The Graham family, including Ashley, 7; left, mom Lindsay;J.D.; 6, Kyle, 4; and Jason, found acceptance at First Baptist Orlando, which has a special needs ministry for children. (Ricardo Ramirez Buxeda / MCT)
Lindsay Graham grew up in the same church attended by her parents and grandparents, and she expected the same would be true for her children. That changed when her son, J.D., was diagnosed with autism at age 2.
There were outbursts and tantrums, calls in the middle of the church service from the Sunday school teacher that J.D. was being disruptive. There were disapproving looks from other members of the congregation. Even if they didn’t say it, Graham, 33, knew what they were thinking: Can’t you keep your child under control?
“I felt very ostracized because he was always misbehaving. We just didn’t fit that perfect family mold,” said Graham.
It was time to find another church, one equipped to handle children with disabilities. They ended up at First Baptist Orlando, which has a special needs ministry for children.
“At First Baptist, we found a place where we fit. I feel people don’t judge because you see a lot of kids with special needs,” Graham said.
Fifty million Americans have some form of disability and those numbers continue to grow as the population ages, the number of children with autism and attention deficit disorders grows, and soldiers return home from Iraq and Afghanistan with missing limbs and post-traumatic stress disorders.
But those numbers are not reflected in the pews, where accommodations for people with physical and mental handicaps are limited. A growing number of adults face the challenge of finding churches, synagogues, temples and mosques that are open and accepting of people with disabilities.
Martha Knowles, who has been deaf since the age of 7, said it is always difficult for deaf people to find a church that provides interpreters who can accurately translate the service through signing. And even when they do find such a church, sometimes they encounter resentment from members of the congregation.
“Some churches don’t feel comfortable having deaf people there,” said Knowles, 61.
That is starting to change, said Bill Gaventa, director of the Summer Institute on Theology and Disability. Acceptance of people with disabilities has grown during the past 15 years as welcoming congregations and people with special needs find each other through the Internet.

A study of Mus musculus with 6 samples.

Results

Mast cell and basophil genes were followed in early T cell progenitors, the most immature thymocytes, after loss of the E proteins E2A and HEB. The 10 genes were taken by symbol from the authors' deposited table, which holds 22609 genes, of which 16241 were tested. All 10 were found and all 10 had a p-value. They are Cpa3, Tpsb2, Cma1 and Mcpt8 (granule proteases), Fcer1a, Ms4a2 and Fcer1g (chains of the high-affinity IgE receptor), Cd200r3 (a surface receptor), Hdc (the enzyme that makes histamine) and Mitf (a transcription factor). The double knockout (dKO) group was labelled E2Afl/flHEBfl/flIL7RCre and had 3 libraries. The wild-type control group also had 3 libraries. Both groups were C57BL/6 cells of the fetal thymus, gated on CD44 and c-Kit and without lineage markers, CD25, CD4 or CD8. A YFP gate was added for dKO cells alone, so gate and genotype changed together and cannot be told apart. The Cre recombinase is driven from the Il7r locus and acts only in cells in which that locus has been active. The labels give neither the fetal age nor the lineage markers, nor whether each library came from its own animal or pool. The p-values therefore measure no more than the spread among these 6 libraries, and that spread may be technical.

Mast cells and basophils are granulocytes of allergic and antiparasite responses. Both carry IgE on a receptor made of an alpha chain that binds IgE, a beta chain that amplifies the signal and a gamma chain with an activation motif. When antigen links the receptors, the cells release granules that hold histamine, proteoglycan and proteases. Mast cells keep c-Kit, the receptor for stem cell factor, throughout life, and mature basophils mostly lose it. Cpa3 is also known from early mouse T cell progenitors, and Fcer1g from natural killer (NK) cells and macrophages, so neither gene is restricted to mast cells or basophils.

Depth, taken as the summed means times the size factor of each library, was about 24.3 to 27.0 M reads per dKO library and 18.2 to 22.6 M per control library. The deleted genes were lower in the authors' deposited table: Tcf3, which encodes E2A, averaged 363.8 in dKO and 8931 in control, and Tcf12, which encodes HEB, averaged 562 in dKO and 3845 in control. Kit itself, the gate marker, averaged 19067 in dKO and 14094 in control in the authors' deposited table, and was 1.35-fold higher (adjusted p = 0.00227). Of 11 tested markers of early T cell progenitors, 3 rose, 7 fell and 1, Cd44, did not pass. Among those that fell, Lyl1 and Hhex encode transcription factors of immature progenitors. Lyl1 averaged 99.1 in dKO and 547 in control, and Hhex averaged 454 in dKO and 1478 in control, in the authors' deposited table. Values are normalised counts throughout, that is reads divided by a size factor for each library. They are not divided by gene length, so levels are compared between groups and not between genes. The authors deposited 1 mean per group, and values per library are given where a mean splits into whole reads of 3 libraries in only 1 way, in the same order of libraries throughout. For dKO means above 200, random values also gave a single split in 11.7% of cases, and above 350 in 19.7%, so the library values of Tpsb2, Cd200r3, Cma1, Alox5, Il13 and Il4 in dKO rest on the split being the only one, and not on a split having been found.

“The Internet allows people to hear positive stories: That church is doing something, can’t we do something here?” Gaventa said.
But there are still obstacles. Some older churches are exempt from federal requirements to be handicap accessible, which creates problems for worshippers in wheelchairs.
“If you don’t have a restroom where someone in a wheelchair can go to the bathroom, how can you expect that person to attend?” said Ginny Thornburgh, director of the Interfaith Initiative with the American Association of People with Disabilities.
But the bigger barrier isn’t architecture — it’s attitude, Thornburgh said. It’s not the stairs, it’s the stares. Too often, those with disabilities are regarded as people who are incomplete, broken, defective or inferior.
“Disability theology” is a response to that perspective. Based on Scripture, disability theology contends that those with handicaps are also created by God and given attributes that are no less significant than any other person.
They don’t need fixing, they don’t need healing. What they need is a place in the pews, advocates contend.
“We are created by God and we are his handiwork,” said First Baptist Senior Pastor David Uth. “Our goal is to create a culture where everyone is valued and everyone is honored.”